History of the Diocese of Hamilton: War Years
Bishop Ryan, Mayor Lloyd Jackson, and T.J. McKenna at the Ground-Breaking of Bishop Ryan High School
During the First World War (1914 to 1918) and the Second World War (1939 to 1945) our people volunteered in large numbers for the military and our priests served as chaplains. After both wars there was extensive suburban expansion around the big cities. Many new churches were built. Their architectural style differed substantially from that of the traditional 19th century Gothic structures.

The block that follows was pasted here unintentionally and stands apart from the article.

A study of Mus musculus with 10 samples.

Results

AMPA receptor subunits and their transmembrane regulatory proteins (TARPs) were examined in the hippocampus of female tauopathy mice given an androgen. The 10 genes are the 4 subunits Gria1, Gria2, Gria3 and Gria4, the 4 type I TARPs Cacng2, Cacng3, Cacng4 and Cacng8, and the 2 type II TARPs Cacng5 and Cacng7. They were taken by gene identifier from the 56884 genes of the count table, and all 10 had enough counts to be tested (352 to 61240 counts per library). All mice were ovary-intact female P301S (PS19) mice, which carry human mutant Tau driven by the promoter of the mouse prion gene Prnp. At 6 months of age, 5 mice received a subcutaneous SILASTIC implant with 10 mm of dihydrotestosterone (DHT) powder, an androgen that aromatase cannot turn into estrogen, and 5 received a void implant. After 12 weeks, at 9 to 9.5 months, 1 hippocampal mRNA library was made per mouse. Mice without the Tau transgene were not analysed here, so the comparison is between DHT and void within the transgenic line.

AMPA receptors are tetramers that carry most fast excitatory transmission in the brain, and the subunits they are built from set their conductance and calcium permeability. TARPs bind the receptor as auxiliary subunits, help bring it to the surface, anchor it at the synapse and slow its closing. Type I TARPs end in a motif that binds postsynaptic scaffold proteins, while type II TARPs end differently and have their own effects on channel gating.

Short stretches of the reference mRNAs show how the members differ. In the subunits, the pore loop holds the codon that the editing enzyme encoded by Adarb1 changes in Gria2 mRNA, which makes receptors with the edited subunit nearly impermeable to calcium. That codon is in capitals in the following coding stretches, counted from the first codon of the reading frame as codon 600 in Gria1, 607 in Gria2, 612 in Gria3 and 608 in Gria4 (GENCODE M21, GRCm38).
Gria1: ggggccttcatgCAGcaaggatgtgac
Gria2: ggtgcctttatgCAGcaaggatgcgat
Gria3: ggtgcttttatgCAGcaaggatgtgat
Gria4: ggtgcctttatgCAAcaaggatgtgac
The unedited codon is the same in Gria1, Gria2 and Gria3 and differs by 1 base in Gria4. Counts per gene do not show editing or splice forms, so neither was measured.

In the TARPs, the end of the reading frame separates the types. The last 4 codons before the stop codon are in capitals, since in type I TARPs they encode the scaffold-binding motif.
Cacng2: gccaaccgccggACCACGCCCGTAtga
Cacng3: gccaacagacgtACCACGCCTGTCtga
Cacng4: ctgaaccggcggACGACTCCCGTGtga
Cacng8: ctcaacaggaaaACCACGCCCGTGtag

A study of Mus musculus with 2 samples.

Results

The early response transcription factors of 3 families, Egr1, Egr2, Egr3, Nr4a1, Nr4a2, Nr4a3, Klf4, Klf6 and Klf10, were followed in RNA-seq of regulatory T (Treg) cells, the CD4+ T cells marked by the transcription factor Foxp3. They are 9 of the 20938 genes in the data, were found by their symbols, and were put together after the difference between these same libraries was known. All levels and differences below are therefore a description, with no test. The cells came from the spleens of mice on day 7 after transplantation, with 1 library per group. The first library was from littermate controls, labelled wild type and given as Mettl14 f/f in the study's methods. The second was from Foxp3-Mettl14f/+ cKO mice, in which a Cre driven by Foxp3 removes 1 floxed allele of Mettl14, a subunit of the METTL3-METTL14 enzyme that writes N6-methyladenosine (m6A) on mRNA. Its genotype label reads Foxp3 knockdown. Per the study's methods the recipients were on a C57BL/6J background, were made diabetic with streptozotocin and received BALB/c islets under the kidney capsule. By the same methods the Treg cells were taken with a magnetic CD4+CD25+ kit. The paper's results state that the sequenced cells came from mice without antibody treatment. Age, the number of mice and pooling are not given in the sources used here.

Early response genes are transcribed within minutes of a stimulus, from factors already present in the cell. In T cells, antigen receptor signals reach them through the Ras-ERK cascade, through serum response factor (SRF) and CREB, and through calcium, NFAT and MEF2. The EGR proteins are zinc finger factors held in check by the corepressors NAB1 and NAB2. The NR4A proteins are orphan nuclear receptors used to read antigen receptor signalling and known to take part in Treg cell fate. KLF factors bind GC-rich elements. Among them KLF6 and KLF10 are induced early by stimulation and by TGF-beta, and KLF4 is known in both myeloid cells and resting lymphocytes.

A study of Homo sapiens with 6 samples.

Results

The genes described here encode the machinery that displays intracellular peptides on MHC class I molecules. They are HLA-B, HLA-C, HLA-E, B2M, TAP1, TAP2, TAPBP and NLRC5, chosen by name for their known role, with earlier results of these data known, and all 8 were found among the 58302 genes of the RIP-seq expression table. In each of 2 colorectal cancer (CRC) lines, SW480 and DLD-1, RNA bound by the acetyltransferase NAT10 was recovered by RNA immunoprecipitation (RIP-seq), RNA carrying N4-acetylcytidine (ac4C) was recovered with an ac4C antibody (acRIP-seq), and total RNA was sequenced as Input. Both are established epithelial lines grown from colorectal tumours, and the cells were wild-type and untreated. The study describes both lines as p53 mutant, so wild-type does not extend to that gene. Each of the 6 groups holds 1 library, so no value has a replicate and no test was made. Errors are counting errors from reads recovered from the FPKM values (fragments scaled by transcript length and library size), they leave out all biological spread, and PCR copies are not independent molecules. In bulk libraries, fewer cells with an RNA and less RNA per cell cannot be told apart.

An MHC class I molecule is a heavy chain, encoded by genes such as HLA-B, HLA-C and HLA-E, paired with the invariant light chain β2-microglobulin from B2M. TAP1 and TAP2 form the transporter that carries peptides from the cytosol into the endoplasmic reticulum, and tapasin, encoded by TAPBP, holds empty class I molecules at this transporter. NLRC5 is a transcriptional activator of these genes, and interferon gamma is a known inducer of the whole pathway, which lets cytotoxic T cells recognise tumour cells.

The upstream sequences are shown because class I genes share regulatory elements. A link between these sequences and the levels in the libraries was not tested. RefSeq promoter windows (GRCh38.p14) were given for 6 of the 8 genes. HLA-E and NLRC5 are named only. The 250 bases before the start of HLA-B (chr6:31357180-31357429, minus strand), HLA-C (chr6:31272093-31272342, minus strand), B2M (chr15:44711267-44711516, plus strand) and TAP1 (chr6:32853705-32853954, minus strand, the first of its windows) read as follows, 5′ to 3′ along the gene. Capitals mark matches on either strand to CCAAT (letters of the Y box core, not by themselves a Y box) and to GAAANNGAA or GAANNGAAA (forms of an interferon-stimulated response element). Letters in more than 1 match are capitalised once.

Of particular importance to the diocese, during the post-Second-World War era was the episcopacy of Bishop Joseph Francis Ryan. A true native son, he was the bishop of Hamilton from 1937 to 1973. During the 1950s and 1960s there was a major influx of immigrants from war-devastated Europe and a very high birth rate from Canada. Bishop Ryan opened more than 50 new parishes, thus doubling their existing number. Bishop Ryan was also very influential in the expansion of the new school systems both on the practical front of assisting in the building of many new schools and also on the political front, in obtaining more rights and funding for Catholic education, at all levels, from the Ontario government. Many new religious orders also entered the diocese during this same period, a time of exceptionally numerous vocations to the priesthood and religious life. Devoted to the contemplative life were the Precious Blood Sisters who established a presence in Hamilton in 1946, followed by the Carmelite Sisters in Kitchener in 1952. Many religious communities came to work specifically with the poor and downtrodden such as the Sisters of Social Service and the Brothers of the Good Shepherd.